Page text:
On paper or newspaper


Banned
Formosa/Chinese
On/In paper/newspapers, false advertisements will use small/fine print/prints so that people won't notice it/them and read it/them.


Which word beside each slash should I use? Thanks?
 
  • WongFeiHung

    Senior Member
    USA English
    In newspapers, false advertisements will use fine (small can work too) print so that people won't notice and read it. (two 'it's' are redundant)
    "fine print" is a pretty common set phrase --- "Read the fine print" or something like that - you wouldn't say 'small print' here
     

    Joelline

    Senior Member
    American English
    Or alternatively:

    In newspapers, false advertisements will use small print so that people won't notice it (the small print) and read them (false advertisements).

    The term "the fine print" is generally reserved for legal contracts. The common phrase when speaking of printed material (books, papers, etc.) is "small print."
     

    Orange Blossom

    Senior Member
    U.S.A. English
    Many advertisements have fine print. Fine print refers not only to the size but the fact that there are details included in that print. The fine print could actually be in a large font and still be called fine print.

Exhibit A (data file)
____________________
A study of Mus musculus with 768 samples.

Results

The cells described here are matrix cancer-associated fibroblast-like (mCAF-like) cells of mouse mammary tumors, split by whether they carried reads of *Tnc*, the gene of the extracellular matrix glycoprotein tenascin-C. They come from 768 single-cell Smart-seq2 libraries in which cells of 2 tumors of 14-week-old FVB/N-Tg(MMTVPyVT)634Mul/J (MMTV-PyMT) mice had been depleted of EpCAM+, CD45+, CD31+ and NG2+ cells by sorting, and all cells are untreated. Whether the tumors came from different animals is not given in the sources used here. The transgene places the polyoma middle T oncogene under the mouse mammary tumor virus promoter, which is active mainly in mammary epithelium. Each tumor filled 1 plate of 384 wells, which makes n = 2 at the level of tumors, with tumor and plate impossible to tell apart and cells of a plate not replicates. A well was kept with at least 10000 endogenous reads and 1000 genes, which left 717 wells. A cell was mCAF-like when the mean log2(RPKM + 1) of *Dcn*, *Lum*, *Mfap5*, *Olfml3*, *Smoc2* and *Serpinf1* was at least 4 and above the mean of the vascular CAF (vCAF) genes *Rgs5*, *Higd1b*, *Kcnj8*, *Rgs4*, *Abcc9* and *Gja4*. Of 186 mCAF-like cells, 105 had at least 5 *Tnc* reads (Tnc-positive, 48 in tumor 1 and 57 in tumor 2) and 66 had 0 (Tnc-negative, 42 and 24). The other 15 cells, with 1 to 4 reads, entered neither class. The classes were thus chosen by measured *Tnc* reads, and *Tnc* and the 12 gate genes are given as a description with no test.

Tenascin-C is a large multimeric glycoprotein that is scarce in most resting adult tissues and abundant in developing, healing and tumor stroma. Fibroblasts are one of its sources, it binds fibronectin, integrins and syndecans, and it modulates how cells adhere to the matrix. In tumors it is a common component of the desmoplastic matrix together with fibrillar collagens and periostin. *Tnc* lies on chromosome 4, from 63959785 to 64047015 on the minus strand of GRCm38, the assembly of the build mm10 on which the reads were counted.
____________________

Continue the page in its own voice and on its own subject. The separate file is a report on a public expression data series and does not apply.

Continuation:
Credit card advertisements, cell phone ads, club membership - such as book clubs, music clubs, flower clubs, etc. - are just a few examples of ads that have fine print. The fine details do indeed include legal information, but the topic isn't necessarily legal paperwork. Television and radio advertisements put the fine 'print' in a softer and faster speech.

    Orange Blossom
     

    kenny4528

    Senior Member
    Mandarin, Taiwan
    Many advertisements have fine print. Fine print refers not only to the size but the fact that there are details included in that print. The fine print could actually be in a large font and still be called fine print.

    Credit card advertisements, cell phone ads, club membership - such as book clubs, music clubs, flower clubs, etc. - are just a few examples of ads that have fine print. The fine details do indeed include legal information, but the topic isn't necessarily legal paperwork. Television and radio advertisements put the fine 'print' in a softer and faster speech.

    Orange Blossom
    Hi, or it is just different between AE and BE, which is what my dictionary defines.